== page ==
The Department of Labor is finalizing a rule to update overtime protections for workers. “In total, the new rule is expected to extend overtime protections to 4.2 million more Americans who are not currently eligible under federal law, and it is expected to boost wages for workers by $12 billion over the next 10 years.”
Source: Taking Action to Expand Overtime Protections | whitehouse.gov
This is a difficult subject for everyone involved – workers and business owners alike. Increases in minimum wage, increases in employee health care costs, and adjustments to wage and hour regulations all serve complicate and cost businesses more. Fair payment for time worked, a living wage, and protections for workers from employer abuse are things that are expected – deservedly so – by employees. Definitions vary, as do circumstances, so a one-size rule never really fits all and someone, somewhere, feels the burn.
A USA Today article on the subject describes Labor Secretary Thomas Perez as saying “the salary threshold was originally intended to exempt high-paid executives but instead has denied overtime to low-level retail supervisors and entry-level office workers who often toil 50 to 70 hours a week.”
On the other hand Dan Bosch, head of regulatory policy for the National Federation of Independent Business, was described as saying that “many small businesses can’t absorb the added cost and will instruct employees to work no more than 40 hours a week, bringing on part-time workers to pick up the slack”. From Trey Kovacs, policy analyst with the Competitive Enterprise Institute: “The Obama rule puts a huge cost and regulatory burden on employers, who will face pressure to cut back on benefits and full-time employees”.
A bill was introduced on Thursday by Republican congressional leadership hoping to block the proposed overtime rule. The proposed legislation, Protecting Workplace Advancement and Opportunity Act, is intended to ensure that the Department of Labor takes a “balanced and responsible approach to updating federal overtime rules.” Sponsors of the legislation include members of the Senate Committee on Health, Education, Labor, and Pensions and the House Committee on Education and the Workforce.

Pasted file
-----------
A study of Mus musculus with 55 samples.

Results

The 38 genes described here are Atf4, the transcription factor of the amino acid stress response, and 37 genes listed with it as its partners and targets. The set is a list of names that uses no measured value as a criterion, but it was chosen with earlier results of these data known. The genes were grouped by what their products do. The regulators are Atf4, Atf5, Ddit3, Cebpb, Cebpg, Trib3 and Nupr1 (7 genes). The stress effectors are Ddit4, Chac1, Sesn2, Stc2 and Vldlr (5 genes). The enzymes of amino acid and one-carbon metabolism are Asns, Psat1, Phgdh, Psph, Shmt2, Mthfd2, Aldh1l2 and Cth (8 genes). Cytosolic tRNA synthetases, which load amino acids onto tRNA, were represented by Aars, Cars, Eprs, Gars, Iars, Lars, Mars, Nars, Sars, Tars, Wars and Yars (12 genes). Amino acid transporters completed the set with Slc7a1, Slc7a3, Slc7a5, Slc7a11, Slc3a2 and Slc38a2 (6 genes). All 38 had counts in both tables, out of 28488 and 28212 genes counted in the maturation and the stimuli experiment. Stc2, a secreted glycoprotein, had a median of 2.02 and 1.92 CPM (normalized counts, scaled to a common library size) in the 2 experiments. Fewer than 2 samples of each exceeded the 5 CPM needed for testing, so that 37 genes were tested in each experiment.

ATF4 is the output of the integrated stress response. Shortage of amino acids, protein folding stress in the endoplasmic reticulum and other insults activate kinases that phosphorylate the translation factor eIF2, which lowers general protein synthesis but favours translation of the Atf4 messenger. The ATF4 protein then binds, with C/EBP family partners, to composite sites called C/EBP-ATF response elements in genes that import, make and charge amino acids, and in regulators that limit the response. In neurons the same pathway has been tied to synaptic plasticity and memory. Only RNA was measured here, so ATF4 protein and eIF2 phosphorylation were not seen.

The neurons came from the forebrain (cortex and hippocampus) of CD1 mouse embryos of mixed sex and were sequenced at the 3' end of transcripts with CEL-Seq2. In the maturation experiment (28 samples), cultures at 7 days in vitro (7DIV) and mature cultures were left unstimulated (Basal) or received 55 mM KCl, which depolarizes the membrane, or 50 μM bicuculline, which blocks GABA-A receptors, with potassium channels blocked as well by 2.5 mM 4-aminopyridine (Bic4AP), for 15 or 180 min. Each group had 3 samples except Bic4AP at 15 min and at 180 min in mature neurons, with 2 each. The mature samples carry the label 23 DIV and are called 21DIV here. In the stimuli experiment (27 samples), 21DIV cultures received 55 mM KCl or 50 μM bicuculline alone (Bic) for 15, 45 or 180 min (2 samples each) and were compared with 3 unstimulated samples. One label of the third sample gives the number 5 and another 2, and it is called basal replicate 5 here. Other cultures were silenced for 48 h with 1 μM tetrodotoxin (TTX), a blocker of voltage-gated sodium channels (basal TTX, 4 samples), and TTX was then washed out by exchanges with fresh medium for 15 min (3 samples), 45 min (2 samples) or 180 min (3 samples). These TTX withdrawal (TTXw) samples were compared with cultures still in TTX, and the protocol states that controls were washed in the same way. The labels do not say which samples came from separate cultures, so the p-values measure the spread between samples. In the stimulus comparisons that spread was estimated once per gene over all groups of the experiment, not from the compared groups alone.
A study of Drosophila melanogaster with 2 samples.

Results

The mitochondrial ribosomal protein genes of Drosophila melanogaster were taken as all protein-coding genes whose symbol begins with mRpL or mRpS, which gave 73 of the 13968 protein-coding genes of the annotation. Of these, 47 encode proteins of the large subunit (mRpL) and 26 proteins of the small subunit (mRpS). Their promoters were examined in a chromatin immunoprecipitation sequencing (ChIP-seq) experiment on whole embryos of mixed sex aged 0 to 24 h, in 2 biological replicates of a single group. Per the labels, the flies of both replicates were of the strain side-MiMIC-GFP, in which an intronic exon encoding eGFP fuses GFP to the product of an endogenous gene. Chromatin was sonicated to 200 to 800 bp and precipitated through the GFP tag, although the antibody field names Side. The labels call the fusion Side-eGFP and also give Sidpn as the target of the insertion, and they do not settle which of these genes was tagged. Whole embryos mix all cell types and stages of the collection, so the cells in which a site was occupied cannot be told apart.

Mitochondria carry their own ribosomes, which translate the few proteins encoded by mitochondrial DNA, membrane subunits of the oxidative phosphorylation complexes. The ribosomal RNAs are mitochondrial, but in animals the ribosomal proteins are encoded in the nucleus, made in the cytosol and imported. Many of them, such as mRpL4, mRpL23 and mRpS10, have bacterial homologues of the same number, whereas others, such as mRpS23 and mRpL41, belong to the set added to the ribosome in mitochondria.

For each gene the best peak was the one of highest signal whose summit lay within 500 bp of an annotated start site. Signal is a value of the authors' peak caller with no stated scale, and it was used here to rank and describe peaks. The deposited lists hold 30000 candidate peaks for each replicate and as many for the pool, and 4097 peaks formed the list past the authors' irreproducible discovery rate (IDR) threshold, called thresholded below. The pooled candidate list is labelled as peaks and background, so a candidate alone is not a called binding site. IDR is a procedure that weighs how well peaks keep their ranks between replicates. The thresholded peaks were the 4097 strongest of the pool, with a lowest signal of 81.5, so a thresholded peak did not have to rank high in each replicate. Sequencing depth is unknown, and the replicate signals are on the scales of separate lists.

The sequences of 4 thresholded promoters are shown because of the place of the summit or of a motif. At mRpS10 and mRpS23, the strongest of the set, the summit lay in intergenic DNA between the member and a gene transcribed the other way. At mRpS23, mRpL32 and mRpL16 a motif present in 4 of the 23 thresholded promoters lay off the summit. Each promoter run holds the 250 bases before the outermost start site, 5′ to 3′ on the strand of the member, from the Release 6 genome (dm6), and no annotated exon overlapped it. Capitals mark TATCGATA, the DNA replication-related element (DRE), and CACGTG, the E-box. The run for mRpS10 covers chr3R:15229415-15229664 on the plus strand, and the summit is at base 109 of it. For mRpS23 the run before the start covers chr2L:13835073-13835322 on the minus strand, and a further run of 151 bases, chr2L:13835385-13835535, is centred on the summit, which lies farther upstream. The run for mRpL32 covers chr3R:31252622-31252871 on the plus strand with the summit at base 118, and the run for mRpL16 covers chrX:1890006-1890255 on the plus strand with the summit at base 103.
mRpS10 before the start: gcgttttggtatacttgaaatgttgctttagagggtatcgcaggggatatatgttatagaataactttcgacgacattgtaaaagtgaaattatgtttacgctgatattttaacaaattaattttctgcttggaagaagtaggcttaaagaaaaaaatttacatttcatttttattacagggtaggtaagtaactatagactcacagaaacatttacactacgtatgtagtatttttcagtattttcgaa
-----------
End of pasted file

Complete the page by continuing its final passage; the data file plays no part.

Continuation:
Part of the bill’s consideration may be the burden of record keeping and information management that just keeps growing ever larger. The current DOL changes, for example, now suggest that businesses must keep time and attendance records in detail for their salaried employees who might qualify for overtime compensation. Getting employees to keep time cards or complete timesheets may not be an easy thing to do, yet punching a timeclock and tracking their hours may become their new normal. Some employers, on the other hand, will elect to simply raise workers’ base pay to the new threshold, avoiding paying the overtime and skirting the need to keep detailed time records.
The extension of overtime protection to another 4.2 million Americans, and boosting wages by $12 billion over the next 10 years is the expectation for the new rule’s impact, although opponents suggest that employment (and employers) will suffer, reducing their workforces while absorbing costly HR management processes just in order to comply.
The rule is likely to touch nearly every sector of the U.S. economy, with the most notable adjustments occurring with nonprofits, retailers and hospitality (hotel and restaurants), as these are the industries generally having management-level workers whose salaries are at or below the new threshold. Whether the outcomes of the rule will be as expected remains to be seen, but it is certain that many businesses must now put in place software, systems and processes which will help not just help them comply with new wage and hour rules, but deliver enough intelligence to support better personnel management, employee scheduling and labor cost containment.